Published March, 2017
Rodriguez-Alvarez v. Municipality of Juana Diaz, Civil Action No. 14-01924-WGY (D. P.R., Feb. 17, 2017)
A federal trial judge refused to dismiss a former employee’s ADA case against her municipal employer who radically and negatively altered her working situation shortly after she informed them that she had been diagnosed with HIV. Evidence of discrimination included the employer’s closing of a bathroom and kitchenette where the employee was stationed; switching her to a night shift during which she had no contact with others, and excluding her from social events to which other employees were invited.
Despite 2008 amendments to the ADA that removed any question as to whether HIV is a covered disability under the federal disability antidiscrimination law, the trial judge centered its discussion on whether HIV is in fact a covered disability under the law. Despite evidence of the impact of HIV on her health and the ADA’s explicit extension of the definition of disability to “immune system disorders,” among other related conditions, the judge concluded that the former worker’s case “survives summary judgment . . .by the thinnest of margins” and that her “failure to introduce testimony by a medical expert on the effects of her HIV diagnosis on her symptoms, though not fatal at this stage, will severely impede her chances of success at trial.” This view seems at direct odds with both the text and the intention of the ADA Amendments Act.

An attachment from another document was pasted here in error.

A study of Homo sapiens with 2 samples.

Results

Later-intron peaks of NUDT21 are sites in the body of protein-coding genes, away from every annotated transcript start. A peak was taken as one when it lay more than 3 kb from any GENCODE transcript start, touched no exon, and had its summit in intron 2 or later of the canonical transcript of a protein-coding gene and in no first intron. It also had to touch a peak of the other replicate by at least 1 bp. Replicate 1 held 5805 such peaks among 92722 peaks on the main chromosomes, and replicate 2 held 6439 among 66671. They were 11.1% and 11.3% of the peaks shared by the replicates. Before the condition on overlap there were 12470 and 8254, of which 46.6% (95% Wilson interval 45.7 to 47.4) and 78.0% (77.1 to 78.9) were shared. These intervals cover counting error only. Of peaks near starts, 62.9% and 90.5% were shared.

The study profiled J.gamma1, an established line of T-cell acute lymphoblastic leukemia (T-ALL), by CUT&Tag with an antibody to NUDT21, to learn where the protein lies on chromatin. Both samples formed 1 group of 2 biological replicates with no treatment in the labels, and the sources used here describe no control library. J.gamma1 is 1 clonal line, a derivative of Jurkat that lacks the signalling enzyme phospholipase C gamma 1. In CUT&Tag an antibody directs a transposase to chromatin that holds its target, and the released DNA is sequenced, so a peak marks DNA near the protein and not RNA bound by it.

The opinion also illustrates the limitations of relying on a plaintiff’s physical aspects of a claimed disability rather than on the ADA’s protection of those whom employers “regard as” having a disability. Since the plaintiff was not seeking a reasonable accommodation (which the ADAAA excluded for plaintiffs relying on a “regarded as” claim), and since the judge agreed that there was ample evidence that the employer created a hostile environment in response to the plaintiff’s HIV status, it may be advisable for the plaintiff’s attorney to amend the complaint to include the claim that the discrimination against her was due to her employer’s “regarding her” as having a disability that made her infectious and unsafe to have in contact with others. Attorney Jose Rafael Santiago Pereles of Ponce, Puerto Rico represents the plaintiff.